Lavoisier as much as by their discoveries M


comptroller-general's practice tallied with his theories; the courtiers had recovered the golden age; it was scarcely necessary to solicit the royal favor. "When I saw everybody holding out hands, I held out my hat," said a prince. The offices abolished by M. Turgot and M. Necker were re-established, the abuses which they had removed came back, the acceptances (_acquits de comptant_) rose in 1785 to more than a hundred and thirty-six millions of livres. The debts of the king's brothers were paid; advantageous exchanges of royal lands were effected to their profit; the queen bought St. Cloud, which belonged to the Duke of Orleans; all the great lords who were ruined, all the courtiers who were embarrassed, resumed the pleasant habit of counting upon the royal treasury to relieve their wants. The polite alacrity of the comptroller-general had subdued the most rebellious; he obtained for Brittany the right of freely electing its deputies; the states-hall at Rennes, which had but lately resounded with curses upon him, was now repeating a new cry of "Hurrah for Calonne!" A vote of the assembly doubled the gratuitous gift which the province ordinarily offered the king. "If it is possible, it is done," the comptroller would say to applicants; "if it is impossible, it will get done."

The captivation was general, the blindness seemed to be so likewise; a feverish impulse carried people away into all newfangled ways, serious or frivolous. Mesmer

brought from Germany his mysterious revelations in respect of problems as yet unsolved by science, and pretended to cure all diseases around the magnetic battery; the adventurer Cagliostro, embellished with the title of count, and lavishing gold by handfuls, bewitched court and city, and induced Councillor d'Epremesnil to say, "The friendship of M. de Cagliostro does me honor." At the same time splendid works in the most diverse directions maintained at the topmost place in the world that scientific genius of France which the great minds of the seventeenth century had revealed to Europe. "Special men sometimes testify great disdain as regards the interest which men of the world may take in their labors, and, certainly, if it were merely a question of appraising their scientific merit, they would be perfectly right. But the esteem, the inclination of the public for science, and the frequent lively expression of that sentiment, are of high importance to it, and play a great part in its history. The times for that sympathy, somewhat ostentatious and frivolous as it may be, have always been, as regards sciences, times of impulse and progress, and, regarding things in their totality, natural history and chemistry profited by the social existence of M. de Buffon and of M. Lavoisier as much as by their discoveries" [M. Guizot, _Melanges biographiques,_ Madame de Rumford].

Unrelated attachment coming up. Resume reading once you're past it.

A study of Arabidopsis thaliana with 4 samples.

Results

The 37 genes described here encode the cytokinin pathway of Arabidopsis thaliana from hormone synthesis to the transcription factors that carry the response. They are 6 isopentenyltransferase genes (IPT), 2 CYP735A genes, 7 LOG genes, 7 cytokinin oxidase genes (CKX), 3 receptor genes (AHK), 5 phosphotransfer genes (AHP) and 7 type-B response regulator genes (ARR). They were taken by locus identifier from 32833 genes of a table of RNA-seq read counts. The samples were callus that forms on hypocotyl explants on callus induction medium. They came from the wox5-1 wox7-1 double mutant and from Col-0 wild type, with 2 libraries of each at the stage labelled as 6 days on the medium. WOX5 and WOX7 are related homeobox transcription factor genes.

[Illustration: Lavoisier----465]

It was this movement in the public mind, ignorant but sympathetic, which, on the eve of the Revolution, supported, without understanding them, the efforts of the great scholars whose peaceful conquests survived the upheaval of society. Farmer-general (of taxes) before he became a chemist, Lavoisier sought to apply the discoveries of science to common and practical wants. "Devoted to the public instruction, I will seek to enlighten the people," he said to the king who proposed office to him. The people were to send him to the scaffold. The ladies of fashion crowded to the brilliant lectures of Fourcroy.